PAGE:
As Secretary of the Debating Society in my final year at school, I devised motions, invited people to chair and adjudicate debates and circulated information (on paper via ‘internal mail’!) about forthcoming events.

Twelve years later, as Master-in-Charge of Debating in a similar school, I found myself doing the very same things I had done as a pupil. Meanwhile, sorting out some archive material for the cricket pavilion, I was amazed to find notes for the captain of cricket about how to organise school fixtures. What had changed?

Enabling them to lead more of their own activities might realise their potential more fully.

Running the school newspaper at that time saw me chasing pupils to finish articles and spending interminable hours editing copy and mastering desktop publishing software when it replaced literal ‘cut and paste’. Why, I sometimes found myself wondering, was I losing sleep over this, especially when the publication was an internal one primarily for the pupils?

If only I had visited Horace Mann school sooner because I would have realised there was another way. The impressive pupil who many years later showed me round her New York school explained that she was a bit jaded after a very late night, as she was ‘not going to be the first editor in living memory to be late to press’ with the school newspaper. The moral was obvious: leave the pupils to it.

Why do we sometimes find ourselves doing things our pupils could do just as well, if not better, or at the very least could learn from attempting? What are the causes of this missed opportunity and potential deskilling of our charges? Is it because we see our role as producers and directors and the pupils as performers? Is it a result of high expectations in our schools: are we wary of ‘failure’? Is it because it’s often easier and quicker to do something yourself?

Of course, if we expected pupils to direct their own plays, organise their own societies, edit their publications, arrange their fixtures and more besides, there would be downsides (albeit less chaos than we might fear). Crucially, pupils would lose opportunities to benefit from the example and inspiration of trained experts as well as some of the precious time they can devote to doing activities organised for them. We should ask, however, whether we have got the balance right in terms of preparing young people for their future. Enabling them to lead more of their own activities might realise their potential more fully.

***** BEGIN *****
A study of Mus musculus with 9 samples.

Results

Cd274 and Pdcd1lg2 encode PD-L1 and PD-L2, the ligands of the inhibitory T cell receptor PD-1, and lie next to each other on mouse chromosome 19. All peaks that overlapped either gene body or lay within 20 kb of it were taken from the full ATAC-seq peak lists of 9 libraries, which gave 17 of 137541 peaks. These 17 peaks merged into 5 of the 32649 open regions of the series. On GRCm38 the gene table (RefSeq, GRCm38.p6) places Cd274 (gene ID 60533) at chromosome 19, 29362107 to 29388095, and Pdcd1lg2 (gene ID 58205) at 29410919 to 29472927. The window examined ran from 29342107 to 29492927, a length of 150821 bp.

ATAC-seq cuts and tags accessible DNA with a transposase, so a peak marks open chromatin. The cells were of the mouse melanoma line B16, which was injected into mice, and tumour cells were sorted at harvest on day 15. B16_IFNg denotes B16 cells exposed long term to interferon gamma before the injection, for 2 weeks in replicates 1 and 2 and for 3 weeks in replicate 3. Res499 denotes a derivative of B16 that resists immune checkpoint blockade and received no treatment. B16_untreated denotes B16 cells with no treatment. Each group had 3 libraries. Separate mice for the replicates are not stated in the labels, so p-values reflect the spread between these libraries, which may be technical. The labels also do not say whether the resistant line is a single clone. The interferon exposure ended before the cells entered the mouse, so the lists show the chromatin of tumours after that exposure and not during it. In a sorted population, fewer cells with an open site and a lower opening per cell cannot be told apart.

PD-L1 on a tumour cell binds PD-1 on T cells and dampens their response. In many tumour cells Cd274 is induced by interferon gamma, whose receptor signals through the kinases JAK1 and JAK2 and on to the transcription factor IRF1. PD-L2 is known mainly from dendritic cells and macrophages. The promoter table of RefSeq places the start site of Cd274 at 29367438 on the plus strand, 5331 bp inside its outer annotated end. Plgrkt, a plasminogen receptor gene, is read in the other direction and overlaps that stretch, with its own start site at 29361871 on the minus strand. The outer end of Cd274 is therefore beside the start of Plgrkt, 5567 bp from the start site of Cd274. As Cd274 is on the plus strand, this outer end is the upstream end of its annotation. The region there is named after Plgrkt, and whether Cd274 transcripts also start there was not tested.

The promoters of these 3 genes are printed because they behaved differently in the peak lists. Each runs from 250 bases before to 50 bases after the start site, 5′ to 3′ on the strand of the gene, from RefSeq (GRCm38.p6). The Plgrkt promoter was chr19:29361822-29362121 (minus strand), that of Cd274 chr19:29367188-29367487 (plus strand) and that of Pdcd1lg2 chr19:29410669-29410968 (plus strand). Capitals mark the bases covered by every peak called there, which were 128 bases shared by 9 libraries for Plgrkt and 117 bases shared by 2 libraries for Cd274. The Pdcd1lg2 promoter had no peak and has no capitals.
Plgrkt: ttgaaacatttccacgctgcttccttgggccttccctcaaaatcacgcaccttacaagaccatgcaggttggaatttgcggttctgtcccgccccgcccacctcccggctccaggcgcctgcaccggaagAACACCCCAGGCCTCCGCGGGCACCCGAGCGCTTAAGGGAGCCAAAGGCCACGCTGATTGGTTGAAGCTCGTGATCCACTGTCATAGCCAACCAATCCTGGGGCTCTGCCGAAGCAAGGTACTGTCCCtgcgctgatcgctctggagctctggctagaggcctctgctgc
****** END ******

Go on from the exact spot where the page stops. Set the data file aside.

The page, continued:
This was the origin of the introduction of an annual ‘pupil takeover day’ at Bradfield College, where the variety of activities and the dedication of the staff were immediately apparent when I joined the school. How many of these could the pupils run, I wondered? The principle behind the day was to allow pupils to grasp opportunities not ordinarily available to them, ranging from leading lessons, coaching sports, and preaching in Chapel to chairing staff meetings, answering phones in Reception, and even speaking in my place at an alumni event that happened to fall that day (superbly, I should add). 

Many pupils have grown in independence of action and in leadership.

At first, it needed some direction for everyone to see the possibilities of the day, but we have tried hard to avoid it becoming a ‘handover day’ led by staff. Instead, senior pupils encourage members of every year group to ask staff if they can take over their lessons, activities, and responsibilities. Whilst risking accusations of being a tokenistic day of fun, the intention was that it would become totemic and promote pupil agency and leadership throughout the school and throughout the year. Along with a range of other measures to the same end, it has played its part in developing those qualities.

Other factors have, of course, come into play. Activism among young people has grown in recent years through the opportunities offered by technology, and through the example of role models like Malala Yousafzai and Greta Thunberg. The environmental crisis we face, the enhanced focus on diversity and inclusion, the rise of movements such as #MeToo and #BlackLivesMatter, and the impact of the Everyone’s Invited website have all spoken loudly to a generation which has energetically espoused these and other causes. In the process, many pupils have grown in independence of action and in leadership.

As well as helping our pupils find their voice – and listening to it – part of our role as educators is to help them learn how to turn activism into action. Challenging young people to be the change they want to see, discussing ways they can do this, offering allyship rather than direction, giving them the platform to try, and the permission to fail. All these are in our power. They are, moreover, our responsibility if we are to help this generation deliver on the potential of their best instincts, instead of fuelling the antagonism and impatience of intensifying contemporary culture wars.

Every Saturday morning in term time, following my welcome to prospective parents, a different senior pupil talks about their journey through Bradfield. I soon learned that I was very much the ‘warm up act’ on these occasions for self-possessed young adults who are by turns reflective, self-deprecating, witty, grateful, thought-provoking and inspirational. The greatest compliment any has perhaps ever paid the College is when one stated that he had been taught ‘how to make a difference, not just how to make a living’. I firmly believe that learning of that nature is caught, not taught and comes from fellow pupils as well as members of staff. We must therefore offer the opportunities that nurture it.

I now find myself wondering why I didn’t invite pupils to write this article. I know it would have been good for them. I know it would have been good.